A recent LIMRA report sheds light on how multiple-line agents—who are affiliated with one company and primarily sell auto, home or other property and casualty insurance—feel about selling life insurance products, lead generation, and opportunities for future growth.
Multi-line agents derive most of their business from selling property and casualty products. Some agents, however, have incorporated life insurance products, and to a lesser extent annuities and investment products, into their practices. Yet, on average just 14% of a multi-line agent’s income is from life insurance.
Multi-line agents are unique in the financial services industry because they:
- Primarily serve the middle market—three-quarters of their clients have household incomes below $125,000
- Have lots of clients—on average, multi-line agents’ client base is at least double that of all other types of financial professionals
- Serve/have relationships with all generations
- Have clients seeking them out for property and casualty products
According to the 2019 Insurance Barometer Study, 41% of middle market Americans are uninsured. Multi-line agents have the opportunity to help their middle-market clients address their life insurance and retirement planning needs, including products that provide guaranteed lifetime income like annuities.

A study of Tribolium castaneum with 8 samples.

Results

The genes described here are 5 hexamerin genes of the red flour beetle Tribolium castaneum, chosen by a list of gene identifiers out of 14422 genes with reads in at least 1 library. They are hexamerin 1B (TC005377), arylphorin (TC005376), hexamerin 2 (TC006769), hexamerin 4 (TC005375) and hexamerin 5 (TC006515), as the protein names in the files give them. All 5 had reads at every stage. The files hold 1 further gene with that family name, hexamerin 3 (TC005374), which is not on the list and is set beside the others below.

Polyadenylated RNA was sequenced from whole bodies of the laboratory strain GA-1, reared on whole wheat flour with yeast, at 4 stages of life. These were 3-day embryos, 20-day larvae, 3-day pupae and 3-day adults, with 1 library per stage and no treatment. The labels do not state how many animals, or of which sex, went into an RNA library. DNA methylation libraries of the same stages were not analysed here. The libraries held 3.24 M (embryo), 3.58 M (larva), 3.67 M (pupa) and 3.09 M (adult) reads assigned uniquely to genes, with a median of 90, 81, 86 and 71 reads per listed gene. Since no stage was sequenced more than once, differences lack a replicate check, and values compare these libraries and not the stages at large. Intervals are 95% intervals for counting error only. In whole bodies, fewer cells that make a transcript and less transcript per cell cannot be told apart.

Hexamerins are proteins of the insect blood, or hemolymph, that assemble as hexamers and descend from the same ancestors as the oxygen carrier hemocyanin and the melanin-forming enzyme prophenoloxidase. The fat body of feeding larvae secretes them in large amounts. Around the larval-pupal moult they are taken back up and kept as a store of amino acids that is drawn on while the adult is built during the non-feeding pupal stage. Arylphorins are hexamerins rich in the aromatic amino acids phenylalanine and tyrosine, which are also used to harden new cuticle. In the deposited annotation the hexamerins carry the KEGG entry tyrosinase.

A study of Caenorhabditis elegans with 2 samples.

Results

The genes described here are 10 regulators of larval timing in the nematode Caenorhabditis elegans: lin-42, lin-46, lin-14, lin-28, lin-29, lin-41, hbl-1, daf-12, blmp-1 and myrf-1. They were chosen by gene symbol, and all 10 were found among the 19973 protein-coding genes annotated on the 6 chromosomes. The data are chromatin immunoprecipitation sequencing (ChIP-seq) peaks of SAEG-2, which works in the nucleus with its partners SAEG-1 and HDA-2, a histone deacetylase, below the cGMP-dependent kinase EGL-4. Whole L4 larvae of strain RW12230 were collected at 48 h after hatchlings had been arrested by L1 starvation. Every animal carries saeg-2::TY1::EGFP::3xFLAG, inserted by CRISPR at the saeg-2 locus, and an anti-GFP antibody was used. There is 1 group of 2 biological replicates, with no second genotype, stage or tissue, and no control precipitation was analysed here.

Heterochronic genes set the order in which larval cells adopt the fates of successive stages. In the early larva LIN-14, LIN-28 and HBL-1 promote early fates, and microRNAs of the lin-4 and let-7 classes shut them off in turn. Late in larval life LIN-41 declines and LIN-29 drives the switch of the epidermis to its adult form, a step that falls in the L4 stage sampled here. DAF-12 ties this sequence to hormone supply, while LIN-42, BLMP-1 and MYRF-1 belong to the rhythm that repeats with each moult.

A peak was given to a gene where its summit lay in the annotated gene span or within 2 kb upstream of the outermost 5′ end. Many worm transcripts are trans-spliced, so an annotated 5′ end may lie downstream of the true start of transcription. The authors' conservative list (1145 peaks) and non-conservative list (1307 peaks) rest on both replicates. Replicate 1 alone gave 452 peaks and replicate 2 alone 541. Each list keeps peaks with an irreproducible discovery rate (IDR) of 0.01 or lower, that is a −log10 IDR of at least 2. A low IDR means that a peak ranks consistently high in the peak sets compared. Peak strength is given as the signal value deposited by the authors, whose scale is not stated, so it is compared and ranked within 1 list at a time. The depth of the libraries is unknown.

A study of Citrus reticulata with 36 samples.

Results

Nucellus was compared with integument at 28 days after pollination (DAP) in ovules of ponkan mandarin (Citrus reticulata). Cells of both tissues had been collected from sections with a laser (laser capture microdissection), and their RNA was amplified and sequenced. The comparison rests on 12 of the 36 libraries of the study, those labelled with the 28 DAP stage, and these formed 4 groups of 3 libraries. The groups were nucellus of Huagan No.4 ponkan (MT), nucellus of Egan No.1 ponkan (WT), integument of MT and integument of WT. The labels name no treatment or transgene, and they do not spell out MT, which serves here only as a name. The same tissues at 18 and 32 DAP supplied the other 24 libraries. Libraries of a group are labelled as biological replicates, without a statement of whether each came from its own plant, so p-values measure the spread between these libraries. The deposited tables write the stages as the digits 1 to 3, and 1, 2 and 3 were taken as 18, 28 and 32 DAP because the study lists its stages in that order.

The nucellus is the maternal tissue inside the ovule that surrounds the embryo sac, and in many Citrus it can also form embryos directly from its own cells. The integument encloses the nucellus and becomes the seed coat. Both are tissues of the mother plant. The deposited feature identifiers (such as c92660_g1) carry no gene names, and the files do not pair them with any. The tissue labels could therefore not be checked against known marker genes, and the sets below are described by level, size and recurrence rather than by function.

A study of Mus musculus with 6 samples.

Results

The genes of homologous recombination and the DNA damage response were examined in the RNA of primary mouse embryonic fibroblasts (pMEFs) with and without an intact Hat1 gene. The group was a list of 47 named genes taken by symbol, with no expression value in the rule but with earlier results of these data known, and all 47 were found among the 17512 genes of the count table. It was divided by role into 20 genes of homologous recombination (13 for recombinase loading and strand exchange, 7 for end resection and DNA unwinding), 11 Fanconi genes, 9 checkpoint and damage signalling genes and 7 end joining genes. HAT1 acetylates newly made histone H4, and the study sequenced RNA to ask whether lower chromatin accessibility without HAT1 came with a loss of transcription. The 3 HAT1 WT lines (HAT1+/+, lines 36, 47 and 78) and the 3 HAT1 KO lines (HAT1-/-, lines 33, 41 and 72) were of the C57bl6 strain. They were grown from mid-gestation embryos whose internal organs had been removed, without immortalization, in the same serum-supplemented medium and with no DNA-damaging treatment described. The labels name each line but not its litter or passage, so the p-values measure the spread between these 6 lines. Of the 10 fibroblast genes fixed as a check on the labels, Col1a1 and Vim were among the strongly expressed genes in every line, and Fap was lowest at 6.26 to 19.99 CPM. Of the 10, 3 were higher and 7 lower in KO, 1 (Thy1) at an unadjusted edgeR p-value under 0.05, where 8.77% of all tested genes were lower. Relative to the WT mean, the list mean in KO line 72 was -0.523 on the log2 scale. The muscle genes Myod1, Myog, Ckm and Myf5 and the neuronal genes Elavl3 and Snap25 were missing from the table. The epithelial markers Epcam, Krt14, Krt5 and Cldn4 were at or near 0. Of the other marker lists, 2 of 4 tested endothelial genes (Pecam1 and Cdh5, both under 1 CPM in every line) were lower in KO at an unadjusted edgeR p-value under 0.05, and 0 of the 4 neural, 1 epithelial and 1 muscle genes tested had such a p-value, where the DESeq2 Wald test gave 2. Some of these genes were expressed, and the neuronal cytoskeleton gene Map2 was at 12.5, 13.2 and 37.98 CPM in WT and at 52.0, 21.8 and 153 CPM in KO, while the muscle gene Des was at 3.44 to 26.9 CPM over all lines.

Their existing relationship puts them in an ideal position to help by offering these services because they have already established a trusted relationship with these clients. Prior LIMRA research has shown that the top factor influencing consumers to purchase life insurance is trust in their advisor.
Agents say that the primary reason life insurance isn’t a bigger part of their practice is that other products are a priority and the sales process is burdensome. The selection of product offerings also plays a role (see chart).
Many companies offer services and support in an effort to help their agents sell life insurance. The support tools multi-line agents in the study identified as being most important were analytical tools to help prioritize opportunities/leads; digital tools to identify client solutions; and modeling tools on life insurance strategies.
Looking toward the future, multi-line agents see technology as both a challenge and an opportunity. Those reluctant to sell life insurance are twice as likely to view competition from online purchasing platforms as an issue than those more inclined to sell life insurance.
LIMRA research suggests multi-line companies could alleviate these concerns by leveraging technology to help their middle-market clients with their financial and retirement planning needs (either through their agencies or from the home office), providing a unique value proposition, and at the same time, strengthening the company-agent and company-client relationship.